What do you buy for that special someone when you can’t think of anything else? With increasing frequency these days, the answer is a gift card. The National Retail Federation has reported that Americans spend more than $26 billion on gift cards during the holiday shopping season, and the average consumer spends more than $120. The reasons are simple — gift cards are easy to purchase, never come in the wrong size or color, and the recipient is guaranteed to get an item she wants with it. Like anything else of value, however, they come with risks. Some have fees attached to them, and some expire if the owner does not use them within a certain period of time. They are also vulnerable to theft, disappearance and destruction. If your gift cards are stolen during a burglary or burn up during a house fire, will a homeowner’s insurance policy reimburse you for them?
The standard homeowner’s policy provides partial coverage for gift cards. It limits coverage for money, bank notes, coins, “stored value cards,” smart cards and similar cash-like items to $200 for all property in that category. Also, the policy covers personal property, including cash and similar items, only for a list of 16 causes of loss. The list includes such causes as fire or lighting, windstorm or hail, explosion, smoke, vehicles, theft, vandalism, weight of ice, snow or sleet, and others. The policy provides no coverage if a cause that is not on the list is responsible for the loss.
A few examples will illustrate how this works.
Joe receives a $50 gift card for an electronics store for his birthday and leaves it in his living room with his other gifts while he goes out to celebrate. Someone breaks into his home and makes off with all the gifts. His policy will provide full coverage for the clothes, DVD’s and workout gear he got and the full $50 for the gift card. This is because the value of everything in that category of cash-like items was less than $200.
Joe’s family can’t think of a thing to get him for Christmas, so he gets a sweater and a pile of gift cards to various electronics and sporting goods stores and coffee shops. He feigns enthusiasm for the cards and leaves everything under the tree when he goes out to visit friends that night. Unfortunately, he has forgotten to water the tree for two weeks; an exposed tree light wire ignites it. The resulting fire cooks his downstairs. The policy covers the damage to the home and contents, but it pays only the $200 maximum for the $300 worth of gift cards.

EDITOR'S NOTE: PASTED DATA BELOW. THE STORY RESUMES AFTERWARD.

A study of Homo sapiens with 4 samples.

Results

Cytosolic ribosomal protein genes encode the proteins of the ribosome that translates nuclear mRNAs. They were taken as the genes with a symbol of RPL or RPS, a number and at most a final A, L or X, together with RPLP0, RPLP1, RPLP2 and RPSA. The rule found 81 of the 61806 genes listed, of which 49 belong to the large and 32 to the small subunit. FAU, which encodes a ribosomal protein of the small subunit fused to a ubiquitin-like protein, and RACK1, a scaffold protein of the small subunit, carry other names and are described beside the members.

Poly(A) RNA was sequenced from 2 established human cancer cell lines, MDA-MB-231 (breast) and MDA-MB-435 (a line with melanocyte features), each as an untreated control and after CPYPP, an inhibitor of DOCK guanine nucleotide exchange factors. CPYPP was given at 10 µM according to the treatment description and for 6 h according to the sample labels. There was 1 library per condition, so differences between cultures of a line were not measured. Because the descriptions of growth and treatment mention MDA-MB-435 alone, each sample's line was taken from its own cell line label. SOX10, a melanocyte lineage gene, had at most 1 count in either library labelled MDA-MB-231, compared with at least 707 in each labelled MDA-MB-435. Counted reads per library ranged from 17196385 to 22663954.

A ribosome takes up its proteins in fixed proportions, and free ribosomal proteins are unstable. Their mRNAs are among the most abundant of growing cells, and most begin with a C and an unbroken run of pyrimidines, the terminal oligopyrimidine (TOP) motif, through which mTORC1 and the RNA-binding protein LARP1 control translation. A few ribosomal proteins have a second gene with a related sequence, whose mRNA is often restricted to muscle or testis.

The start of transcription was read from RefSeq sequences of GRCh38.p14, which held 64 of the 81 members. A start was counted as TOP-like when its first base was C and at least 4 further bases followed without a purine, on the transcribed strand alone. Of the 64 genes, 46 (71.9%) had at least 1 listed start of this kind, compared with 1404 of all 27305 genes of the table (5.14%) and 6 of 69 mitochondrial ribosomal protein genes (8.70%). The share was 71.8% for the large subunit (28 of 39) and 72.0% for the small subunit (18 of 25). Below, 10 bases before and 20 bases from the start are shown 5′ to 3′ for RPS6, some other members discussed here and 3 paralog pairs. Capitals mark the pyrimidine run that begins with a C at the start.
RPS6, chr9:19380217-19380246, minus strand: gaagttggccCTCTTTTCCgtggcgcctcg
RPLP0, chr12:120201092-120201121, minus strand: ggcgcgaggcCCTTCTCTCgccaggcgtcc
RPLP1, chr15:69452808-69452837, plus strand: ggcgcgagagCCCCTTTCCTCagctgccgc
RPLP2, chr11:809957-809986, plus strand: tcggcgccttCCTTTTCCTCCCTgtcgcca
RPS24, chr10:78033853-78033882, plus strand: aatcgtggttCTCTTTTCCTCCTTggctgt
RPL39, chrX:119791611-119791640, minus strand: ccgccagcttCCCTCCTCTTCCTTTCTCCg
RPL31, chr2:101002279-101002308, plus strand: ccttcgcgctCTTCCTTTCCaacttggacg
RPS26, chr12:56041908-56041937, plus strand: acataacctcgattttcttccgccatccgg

Next year, Joe’s gift cards survive Christmas Day and, because he enjoys being stuck in traffic jams, he goes to the mall the day after the holiday to use them. However, when he steps up to a cash register with a Blu-Ray player under his arm, he cannot find any of the cards. He searches his car, every pocket in his coat, pants and shirt, and every place he went to in the mall, but he never finds the missing cards. Unfortunately, because disappearance is not one of the causes of loss listed on the policy, his insurance will not pay anything for them.
Some insurance companies may offer to increase the amount of coverage and the covered causes of loss for these items, so check with a professional insurance agent to identify those companies and find out the cost. For a small amount of money, you may be able protect yourself against the loss of these common gifts.